The Oscar-nominated actor, who went on to win the contest at the age of 20, said her mother was the one who “signed the form” to enter her.
Appearing on The Graham Norton Show on Friday night (3 February), the Everything, Everywhere All At Once star recalled how her mother “suddenly [got] looped into this whole thing about” how she should go for more auditions while she was in her early 20s.
“I’m thinking, ‘What on earth is she on about?’” Yeoh said. “Next thing I knew, my brother – she looped my brother into doing [the same], he was like, ‘Yeah, yeah, you should try that’.
“She had entered me for Miss Malaysia. She actually signed the form, so technically, I’m not legit,” she joked.
Norton chimed in and said: “But you’d think, ‘Oh, terrible thing to do’, but – you won!”
Yeoh continued: “I did it to shut her up. Because she wouldn’t stop about it, so we had a deal. If I do this, you will never do something like this again.”
After the show, Norton tweeted: “Winning Miss Malaysia just to shut your mum up? ICONIC BEHAVIOUR.”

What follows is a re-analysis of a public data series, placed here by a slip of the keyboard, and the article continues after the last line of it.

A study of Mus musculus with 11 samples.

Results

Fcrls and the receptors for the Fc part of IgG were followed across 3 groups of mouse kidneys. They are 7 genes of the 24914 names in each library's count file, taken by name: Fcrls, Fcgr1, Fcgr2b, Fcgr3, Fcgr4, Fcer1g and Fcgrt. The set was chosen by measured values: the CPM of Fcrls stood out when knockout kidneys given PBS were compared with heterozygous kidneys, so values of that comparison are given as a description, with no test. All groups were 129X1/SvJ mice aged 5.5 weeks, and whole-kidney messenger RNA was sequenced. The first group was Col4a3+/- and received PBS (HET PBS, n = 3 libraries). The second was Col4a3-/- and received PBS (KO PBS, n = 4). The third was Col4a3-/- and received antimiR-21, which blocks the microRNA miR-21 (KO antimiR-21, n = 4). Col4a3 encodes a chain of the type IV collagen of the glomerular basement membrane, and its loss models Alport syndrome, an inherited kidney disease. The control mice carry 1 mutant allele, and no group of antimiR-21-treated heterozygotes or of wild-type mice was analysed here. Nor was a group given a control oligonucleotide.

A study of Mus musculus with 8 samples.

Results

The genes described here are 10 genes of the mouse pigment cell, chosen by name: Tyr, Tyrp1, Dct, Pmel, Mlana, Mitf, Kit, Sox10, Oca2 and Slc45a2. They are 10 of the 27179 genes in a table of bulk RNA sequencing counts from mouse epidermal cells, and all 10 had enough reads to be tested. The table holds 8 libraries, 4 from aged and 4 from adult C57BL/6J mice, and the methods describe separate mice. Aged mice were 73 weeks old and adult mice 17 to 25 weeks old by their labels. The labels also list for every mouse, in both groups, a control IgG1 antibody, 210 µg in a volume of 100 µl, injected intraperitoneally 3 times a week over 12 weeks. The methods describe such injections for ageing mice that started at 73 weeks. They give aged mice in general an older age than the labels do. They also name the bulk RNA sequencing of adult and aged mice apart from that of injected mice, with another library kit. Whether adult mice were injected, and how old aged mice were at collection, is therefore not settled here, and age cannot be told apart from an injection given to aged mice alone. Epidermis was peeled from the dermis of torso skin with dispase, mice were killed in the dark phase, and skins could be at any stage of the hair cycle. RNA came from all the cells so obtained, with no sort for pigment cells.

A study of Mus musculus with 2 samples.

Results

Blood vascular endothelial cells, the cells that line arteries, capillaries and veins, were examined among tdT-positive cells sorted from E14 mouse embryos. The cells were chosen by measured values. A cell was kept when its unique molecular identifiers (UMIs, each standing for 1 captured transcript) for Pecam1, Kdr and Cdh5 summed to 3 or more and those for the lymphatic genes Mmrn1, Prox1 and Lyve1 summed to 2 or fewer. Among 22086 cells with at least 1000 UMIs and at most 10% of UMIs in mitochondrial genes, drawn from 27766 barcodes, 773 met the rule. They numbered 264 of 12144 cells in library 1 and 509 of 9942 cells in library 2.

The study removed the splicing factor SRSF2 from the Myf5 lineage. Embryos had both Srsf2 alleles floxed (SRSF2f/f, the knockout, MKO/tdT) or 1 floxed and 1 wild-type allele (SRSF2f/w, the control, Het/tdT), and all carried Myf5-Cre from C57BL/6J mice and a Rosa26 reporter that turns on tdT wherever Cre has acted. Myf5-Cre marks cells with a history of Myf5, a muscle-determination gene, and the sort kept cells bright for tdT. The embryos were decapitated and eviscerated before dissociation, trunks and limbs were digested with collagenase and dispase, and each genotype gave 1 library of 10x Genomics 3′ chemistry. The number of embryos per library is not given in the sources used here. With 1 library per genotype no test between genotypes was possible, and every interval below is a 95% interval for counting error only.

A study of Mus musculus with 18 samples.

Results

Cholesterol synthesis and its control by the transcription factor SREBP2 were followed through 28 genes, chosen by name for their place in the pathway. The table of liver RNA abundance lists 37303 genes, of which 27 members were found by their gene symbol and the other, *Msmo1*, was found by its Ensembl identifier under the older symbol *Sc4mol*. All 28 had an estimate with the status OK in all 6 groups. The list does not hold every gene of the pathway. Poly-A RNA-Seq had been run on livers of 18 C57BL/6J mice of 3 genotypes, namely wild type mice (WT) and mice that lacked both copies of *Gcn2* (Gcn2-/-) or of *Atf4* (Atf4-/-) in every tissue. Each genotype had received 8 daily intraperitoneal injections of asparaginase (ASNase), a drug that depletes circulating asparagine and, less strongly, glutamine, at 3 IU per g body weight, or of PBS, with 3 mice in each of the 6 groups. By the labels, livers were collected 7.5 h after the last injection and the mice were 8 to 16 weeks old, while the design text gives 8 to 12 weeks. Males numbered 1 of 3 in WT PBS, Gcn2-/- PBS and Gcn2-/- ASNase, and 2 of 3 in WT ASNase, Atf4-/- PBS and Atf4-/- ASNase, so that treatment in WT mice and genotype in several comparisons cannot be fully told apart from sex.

Yeoh’s parents are Janet Yeoh and the late Yeoh Kian-teik, who was a politician in Malaysia. She was born in Ipoh and moved to the UK as a teenager to attend an all-girls boarding school.
During her appearance, the 60-year-old also recalled how her mother used to chaperone her dates until she went to England.
Norton asked: “At what age were you when she insisted on coming on a date with you?”
“Now, you have to remember mums are very protective, right, for all the right reasons,” Yeoh said. “She always went on a date. Always, until I went to England to study.”
She recalled going on a date when she was 17 years old and sitting between her mother and the boy she was on a date with.
“One time I was sitting like this [gestures with her arms crossed] and I suddenly realised, ‘Why are there two hands on my leg?’
“It was his hand on my mum’s hand,” she recalled, bursting into laughter. “He was holding the hand he thought was mine, and then I looked at it like, ‘Excuse me, guys’.”
Yeoh received a nomination for Best Actress for Everything, Everywhere All At Once earlier this month, making her the first Asian woman to be nominated in the category. Her co-star Ke Huy Quan was also nominated for Best Supporting Actor.
She said: “Even just to be nominated means validation, love, from your peers. What it means for the rest of the Asians around the world, not just in America but globally, is to say we have a seat at the table.
“We finally have a seat at the table. We are being recognised and being seen.”